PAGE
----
Popular shuttle rides into the sunset
Daily News Staff Writer
June 12, 2005
San Carlos’ city-run shuttle, SCOOT, will ride off into the sunset this week, leaving city residents and officials scrambling to come up with transportation alternatives.
SCOOT, short for San Carlos Optimum Operational Transit, was founded three years ago to relieve gridlock at busy intersections around the city. The City Council has voted to drop the program, however, because feels it can no longer support SCOOT’s budget — which runs $700,000 to $900,000 a year, according to Brian Moura, assisstant city manager.
A $59 parcel tax, intended to pay for the free shuttle, failed at the polls in March.
SCOOT operates nine regular routes that run between 6 a.m. and 6:45 p.m., and offers door-to-door service by request. By the end of last year, SCOOT was supporting between 15,000 and 17,000 riders per month, according to city surveys.
Because so many congested intersections were near schools, SCOOT has become a resource for San Carlos students. Traffic at the San Carlos Charter Learning Center went from service level F, the worst possible, to service level C after shuttle service began, Moura said.
SCOOT is also used by seniors, many of whom have flooded the city’s phone lines in recent weeks, asking officials to replace it with another service.
“It has provided a tremendous amount of independence to our seniors and youth, and brought back a sense of neighborhood,” Mayor Inge Tiegel Doherty said. Many friendships have been made on the shuttle, she added.
Charlie Raisor, a 9-year-old Brittan Acres student, rides SCOOT every day. “It’s fun,” he said, adding that he hasn’t yet figured out how he will get to school next fall.
Riding SCOOT is clearly a bonding experience between Raisor and 10-year-old Jacob Toms; they talk and play all the way home from school. Toms doesn’t like the older students who ride with them in the afternoons. “There are a lot of mean kids,” he said.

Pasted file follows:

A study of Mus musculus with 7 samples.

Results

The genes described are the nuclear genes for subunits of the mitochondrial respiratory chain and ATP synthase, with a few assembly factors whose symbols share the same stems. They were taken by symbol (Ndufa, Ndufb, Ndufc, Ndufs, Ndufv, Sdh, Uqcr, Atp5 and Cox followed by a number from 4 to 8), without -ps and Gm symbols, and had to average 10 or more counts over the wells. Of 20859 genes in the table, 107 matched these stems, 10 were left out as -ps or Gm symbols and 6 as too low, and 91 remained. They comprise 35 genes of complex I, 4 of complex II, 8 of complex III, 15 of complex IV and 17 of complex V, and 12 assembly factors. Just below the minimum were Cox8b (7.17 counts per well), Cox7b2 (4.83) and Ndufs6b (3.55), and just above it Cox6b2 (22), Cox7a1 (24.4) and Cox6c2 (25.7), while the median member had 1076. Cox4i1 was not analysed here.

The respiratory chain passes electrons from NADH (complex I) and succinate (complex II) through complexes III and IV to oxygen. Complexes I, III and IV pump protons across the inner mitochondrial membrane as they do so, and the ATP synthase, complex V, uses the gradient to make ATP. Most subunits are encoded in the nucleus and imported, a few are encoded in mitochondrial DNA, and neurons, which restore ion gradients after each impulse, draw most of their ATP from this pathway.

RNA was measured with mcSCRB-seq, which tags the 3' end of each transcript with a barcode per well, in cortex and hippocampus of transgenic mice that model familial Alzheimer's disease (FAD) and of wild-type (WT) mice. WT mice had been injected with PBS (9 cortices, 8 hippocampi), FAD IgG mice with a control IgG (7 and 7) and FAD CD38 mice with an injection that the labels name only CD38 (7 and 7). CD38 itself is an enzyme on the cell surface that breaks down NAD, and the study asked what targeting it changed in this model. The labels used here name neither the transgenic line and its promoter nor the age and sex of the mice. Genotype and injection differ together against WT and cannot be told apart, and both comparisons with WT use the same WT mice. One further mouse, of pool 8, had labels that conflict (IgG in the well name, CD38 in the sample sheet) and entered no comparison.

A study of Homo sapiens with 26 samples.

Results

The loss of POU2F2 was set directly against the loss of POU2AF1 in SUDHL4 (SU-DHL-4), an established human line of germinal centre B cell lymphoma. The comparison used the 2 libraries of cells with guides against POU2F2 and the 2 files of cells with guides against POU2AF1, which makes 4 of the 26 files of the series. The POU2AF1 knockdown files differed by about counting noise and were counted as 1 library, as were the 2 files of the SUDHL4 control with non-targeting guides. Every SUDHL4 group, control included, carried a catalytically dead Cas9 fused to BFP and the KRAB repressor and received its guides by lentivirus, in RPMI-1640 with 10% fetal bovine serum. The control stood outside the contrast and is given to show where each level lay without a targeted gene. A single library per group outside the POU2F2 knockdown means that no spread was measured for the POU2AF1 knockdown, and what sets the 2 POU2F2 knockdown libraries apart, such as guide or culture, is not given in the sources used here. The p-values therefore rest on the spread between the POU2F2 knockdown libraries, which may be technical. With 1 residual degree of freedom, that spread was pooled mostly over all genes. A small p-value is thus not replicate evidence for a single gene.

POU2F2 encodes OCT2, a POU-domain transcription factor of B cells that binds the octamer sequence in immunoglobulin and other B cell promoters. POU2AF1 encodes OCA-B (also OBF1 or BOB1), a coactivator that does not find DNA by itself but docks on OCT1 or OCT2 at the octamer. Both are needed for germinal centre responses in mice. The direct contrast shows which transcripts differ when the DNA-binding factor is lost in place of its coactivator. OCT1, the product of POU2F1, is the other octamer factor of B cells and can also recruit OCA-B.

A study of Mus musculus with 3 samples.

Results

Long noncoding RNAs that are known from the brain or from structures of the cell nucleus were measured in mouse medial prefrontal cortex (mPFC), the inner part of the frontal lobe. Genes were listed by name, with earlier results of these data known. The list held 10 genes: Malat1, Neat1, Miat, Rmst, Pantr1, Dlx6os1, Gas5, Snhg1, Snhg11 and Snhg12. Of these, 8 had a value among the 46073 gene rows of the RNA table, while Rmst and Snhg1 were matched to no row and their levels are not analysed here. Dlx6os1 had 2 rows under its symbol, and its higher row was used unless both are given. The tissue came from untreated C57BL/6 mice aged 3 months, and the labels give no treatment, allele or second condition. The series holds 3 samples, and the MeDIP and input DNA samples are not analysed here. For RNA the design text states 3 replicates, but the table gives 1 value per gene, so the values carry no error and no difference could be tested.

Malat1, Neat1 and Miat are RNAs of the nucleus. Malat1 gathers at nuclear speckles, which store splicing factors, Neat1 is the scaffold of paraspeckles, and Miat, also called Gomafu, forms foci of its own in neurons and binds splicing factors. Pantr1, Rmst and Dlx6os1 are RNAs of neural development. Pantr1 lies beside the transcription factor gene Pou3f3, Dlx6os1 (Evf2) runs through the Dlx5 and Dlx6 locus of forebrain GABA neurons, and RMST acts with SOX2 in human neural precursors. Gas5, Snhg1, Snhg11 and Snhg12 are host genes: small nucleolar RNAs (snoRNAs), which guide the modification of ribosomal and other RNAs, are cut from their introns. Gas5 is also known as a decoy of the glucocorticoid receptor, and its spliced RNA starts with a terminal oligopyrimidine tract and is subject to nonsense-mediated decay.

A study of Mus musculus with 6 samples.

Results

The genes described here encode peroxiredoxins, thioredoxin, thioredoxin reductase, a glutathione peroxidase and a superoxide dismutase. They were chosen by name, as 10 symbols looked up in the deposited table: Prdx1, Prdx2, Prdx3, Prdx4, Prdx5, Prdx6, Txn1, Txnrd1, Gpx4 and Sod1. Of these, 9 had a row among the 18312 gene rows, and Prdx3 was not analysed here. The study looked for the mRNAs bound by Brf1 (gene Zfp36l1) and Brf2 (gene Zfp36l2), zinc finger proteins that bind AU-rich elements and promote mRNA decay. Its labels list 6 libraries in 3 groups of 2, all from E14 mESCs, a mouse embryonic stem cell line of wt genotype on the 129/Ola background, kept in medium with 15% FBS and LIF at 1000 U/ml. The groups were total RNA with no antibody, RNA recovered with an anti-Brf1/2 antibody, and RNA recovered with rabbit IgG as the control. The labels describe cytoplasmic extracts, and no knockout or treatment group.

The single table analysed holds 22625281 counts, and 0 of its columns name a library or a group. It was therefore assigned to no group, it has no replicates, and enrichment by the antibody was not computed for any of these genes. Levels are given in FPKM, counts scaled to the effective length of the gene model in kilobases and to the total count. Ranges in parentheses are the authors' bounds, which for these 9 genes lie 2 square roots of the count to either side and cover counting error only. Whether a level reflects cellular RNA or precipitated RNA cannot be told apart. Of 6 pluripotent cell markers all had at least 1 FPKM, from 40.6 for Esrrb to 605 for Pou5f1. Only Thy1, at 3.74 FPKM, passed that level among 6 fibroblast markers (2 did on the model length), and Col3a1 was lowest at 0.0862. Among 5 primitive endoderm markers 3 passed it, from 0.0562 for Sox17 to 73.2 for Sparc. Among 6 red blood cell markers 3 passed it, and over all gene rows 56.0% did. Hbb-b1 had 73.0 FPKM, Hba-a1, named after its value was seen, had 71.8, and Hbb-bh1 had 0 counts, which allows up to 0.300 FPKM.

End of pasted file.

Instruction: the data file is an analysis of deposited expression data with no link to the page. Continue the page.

The students greet driver Bill Wood like an old friend as they board SCOOT each afternoon. Wood, a former limousine driver, said he loves driving — and will have to find another source of income when SCOOT shuts down next week.
SCOOT has enabled many parents to send their children to schools outside their immediate area, according to San Carlos School District Board President Mark Olbert.
“It’s too bad, but I can certainly understand the community not wanting to pay for something that is not used by a lot of people,” Olbert said.
The district held its first community roundtable last week to discuss other methods for transporting students without returning to gridlock. If they can’t find alternatives, “the intersection Alameda and Dartmouth will revert to being a disaster at 8 in the morning,” Olbert said.
Police suggested increasing traffic patrols to make parents feel safer letting kids walk or bike to school, said school board member Norm Whiteley. However, a recent survey performed by the district showed that most parents preferred to drive kids to school.
Doherty is forming an ad-hoc task force to study shuttle options that will meet over the next three months to discuss ways to maintain limited shuttle service in San Carlos. One option is to find a donated van and a volunteer driver, Moura said.
The task force may also study whether another parcel tax vote makes sense. Consultants found strong support for a $39 tax to cover part of the cost of SCOOT; asking for $59 was “one of the worst decisions that we, as a council, made,” Doherty said.
If that happens, they will need to overcome naysayers like former City Council Member John Hoffman, who doesn’t support SCOOT’s current structure or the parcel tax.
“I think providing a free lunch for everybody and doing it in a Rolls Royce way is simply too wasteful,” Hoffman said. He cited Palo Alto’s shuttle, which serves a larger city with a single route at half the cost of SCOOT, as an alternative model.
But Doherty and others are reluctant to cut back on the service that won the city a Helen Putnam award in 2004.
“We’re supporting a tremendous number of riders,” she said. “If we were able to do something for less, it wouldn’t be the same.”
SCOOT’s last day is June 17.
This article originally appeared in the San Mateo Daily News.